Police Mistakenly Opened Fire on Fellow Cop and Killed Him


BALTIMORE — The incident began when several patrons at the club began fighting with each other.

Officer William H. Torbit Jr. was called to the nightclub to stop the fight and make sure everybody was safe.

Officer Torbit was dressed in plainclothes at the time, giving the appearance that he was an ordinary citizen.

Officer Torbit is said to have jumped into the crowd and started separating people.

But one man, Sean Gamble, didn’t like the way Officer Torbit was treating the women in the crowd.

So Sean threw a punch at Officer Torbit. Then several people in the crowd began jumping Officer Torbit.

Officer Torbit, although dressed in plainclothes, was armed at the time. After he was punched by Sean and mobbed by the crowd, he pulled out his gun and fatally shot Sean.

By that time more officers had showed up to the scene.

They pulled out guns and fired 34 shots, opening fire near the crowd.

Three women in the crowd were hit by bullets.

Officer Torbit himself was killed by the gunfire.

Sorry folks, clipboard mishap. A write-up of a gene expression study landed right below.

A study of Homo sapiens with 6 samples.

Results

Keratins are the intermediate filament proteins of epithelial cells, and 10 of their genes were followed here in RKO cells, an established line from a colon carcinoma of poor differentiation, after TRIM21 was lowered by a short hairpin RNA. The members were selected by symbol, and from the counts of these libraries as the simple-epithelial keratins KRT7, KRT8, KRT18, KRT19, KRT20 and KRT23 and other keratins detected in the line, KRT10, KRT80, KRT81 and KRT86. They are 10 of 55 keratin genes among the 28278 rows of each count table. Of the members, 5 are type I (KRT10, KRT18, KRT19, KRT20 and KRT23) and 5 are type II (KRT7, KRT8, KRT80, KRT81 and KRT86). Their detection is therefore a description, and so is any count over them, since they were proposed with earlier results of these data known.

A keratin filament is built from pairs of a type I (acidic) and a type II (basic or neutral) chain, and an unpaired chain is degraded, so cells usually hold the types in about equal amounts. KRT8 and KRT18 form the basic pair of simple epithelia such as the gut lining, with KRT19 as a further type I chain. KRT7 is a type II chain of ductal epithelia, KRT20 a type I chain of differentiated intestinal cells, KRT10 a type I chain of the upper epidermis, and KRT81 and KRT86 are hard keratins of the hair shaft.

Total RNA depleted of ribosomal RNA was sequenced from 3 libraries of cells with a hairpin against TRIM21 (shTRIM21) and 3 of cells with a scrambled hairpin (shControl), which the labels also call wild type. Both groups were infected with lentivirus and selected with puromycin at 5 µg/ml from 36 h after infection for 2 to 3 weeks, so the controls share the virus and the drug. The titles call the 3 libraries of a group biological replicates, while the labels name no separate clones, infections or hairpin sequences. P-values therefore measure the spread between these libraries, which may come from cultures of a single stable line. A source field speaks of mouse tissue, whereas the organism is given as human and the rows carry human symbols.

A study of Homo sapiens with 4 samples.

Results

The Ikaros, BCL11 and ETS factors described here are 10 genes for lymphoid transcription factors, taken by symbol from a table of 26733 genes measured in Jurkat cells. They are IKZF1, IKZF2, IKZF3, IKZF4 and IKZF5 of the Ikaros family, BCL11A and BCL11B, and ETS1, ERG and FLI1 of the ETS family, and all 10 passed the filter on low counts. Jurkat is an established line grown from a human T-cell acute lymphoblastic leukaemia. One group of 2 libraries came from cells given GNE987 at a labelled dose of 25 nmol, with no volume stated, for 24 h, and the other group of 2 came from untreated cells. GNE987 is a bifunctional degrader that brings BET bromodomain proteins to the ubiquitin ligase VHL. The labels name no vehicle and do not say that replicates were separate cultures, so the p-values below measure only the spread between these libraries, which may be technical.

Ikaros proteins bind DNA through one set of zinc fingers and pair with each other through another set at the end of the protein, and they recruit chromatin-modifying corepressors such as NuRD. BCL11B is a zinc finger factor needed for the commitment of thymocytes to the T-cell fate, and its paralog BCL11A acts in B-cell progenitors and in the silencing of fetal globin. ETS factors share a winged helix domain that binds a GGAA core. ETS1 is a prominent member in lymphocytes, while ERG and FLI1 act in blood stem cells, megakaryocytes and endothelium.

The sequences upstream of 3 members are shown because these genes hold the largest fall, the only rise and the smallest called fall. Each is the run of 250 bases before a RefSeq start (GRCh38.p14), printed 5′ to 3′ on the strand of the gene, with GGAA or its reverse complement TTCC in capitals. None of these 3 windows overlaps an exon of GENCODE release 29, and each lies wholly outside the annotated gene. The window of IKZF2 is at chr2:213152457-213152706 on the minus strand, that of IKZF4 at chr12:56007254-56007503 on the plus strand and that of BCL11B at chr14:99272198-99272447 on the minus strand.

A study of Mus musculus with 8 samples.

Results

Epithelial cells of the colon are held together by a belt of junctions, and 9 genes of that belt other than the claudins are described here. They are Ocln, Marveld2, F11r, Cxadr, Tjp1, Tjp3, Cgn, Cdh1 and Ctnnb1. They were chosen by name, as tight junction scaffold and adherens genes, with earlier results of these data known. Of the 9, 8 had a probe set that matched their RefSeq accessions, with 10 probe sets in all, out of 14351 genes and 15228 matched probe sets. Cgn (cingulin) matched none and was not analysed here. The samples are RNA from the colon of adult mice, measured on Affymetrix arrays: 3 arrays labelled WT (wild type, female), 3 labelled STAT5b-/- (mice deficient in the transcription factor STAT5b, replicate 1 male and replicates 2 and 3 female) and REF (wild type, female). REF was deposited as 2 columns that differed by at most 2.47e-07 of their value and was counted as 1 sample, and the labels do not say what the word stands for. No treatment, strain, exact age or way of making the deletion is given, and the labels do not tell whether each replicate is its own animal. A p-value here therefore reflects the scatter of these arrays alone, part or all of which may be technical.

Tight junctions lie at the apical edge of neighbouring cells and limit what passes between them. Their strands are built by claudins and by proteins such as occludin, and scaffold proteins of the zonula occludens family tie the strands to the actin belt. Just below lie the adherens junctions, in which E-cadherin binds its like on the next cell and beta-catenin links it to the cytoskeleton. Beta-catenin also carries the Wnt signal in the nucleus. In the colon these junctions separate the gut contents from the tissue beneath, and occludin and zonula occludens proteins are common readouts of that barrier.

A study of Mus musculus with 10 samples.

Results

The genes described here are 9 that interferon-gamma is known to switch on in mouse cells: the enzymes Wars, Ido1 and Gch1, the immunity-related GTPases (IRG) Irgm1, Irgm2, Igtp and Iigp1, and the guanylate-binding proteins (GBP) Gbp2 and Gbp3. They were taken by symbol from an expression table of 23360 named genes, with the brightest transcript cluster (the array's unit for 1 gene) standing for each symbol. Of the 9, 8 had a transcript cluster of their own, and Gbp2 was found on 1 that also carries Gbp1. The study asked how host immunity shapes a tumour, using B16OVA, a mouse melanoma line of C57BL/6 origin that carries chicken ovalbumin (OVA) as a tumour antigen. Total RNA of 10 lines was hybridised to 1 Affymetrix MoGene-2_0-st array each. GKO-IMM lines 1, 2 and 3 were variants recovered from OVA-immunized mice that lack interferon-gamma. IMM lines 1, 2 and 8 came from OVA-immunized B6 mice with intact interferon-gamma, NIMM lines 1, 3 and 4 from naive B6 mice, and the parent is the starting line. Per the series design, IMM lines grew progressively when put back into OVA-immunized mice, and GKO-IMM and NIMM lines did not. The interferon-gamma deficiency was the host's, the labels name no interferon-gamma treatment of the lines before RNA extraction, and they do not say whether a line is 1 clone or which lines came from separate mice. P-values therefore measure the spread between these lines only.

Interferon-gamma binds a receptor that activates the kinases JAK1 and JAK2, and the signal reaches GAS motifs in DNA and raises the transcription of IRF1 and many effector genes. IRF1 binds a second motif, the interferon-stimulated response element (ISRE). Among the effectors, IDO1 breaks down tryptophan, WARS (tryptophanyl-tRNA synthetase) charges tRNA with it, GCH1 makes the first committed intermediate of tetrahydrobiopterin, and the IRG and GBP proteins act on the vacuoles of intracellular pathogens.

The officers didn’t realize that they had just killed one of their own until they stopped shooting.

A lawsuit was filed against the officers, but the judge has dismissed the case, ruling that what they did was reasonable.

The officers claim that they felt like Officer Torbit may have been an active shooter. They evidently did not consider whether he might have been defending himself from an unruly crowd.

Moreover, attorneys for Officer Torbit’s side stated that the officers who killed him failed to render aid.

They also stated that officers had time to identify Torbit but reacted right away instead by shooting him.

“All they had to do to avoid his death was take a second look at his face,” said one of the attorneys.

Filming Cops 4755 posts

Filming Cops was started in 2010 as a conglomerative blogging service documenting police abuse. The aim isn’t to demonize the natural concept of security provision as such, but to highlight specific cases of State-monopolized police brutality that are otherwise ignored by traditional media outlets.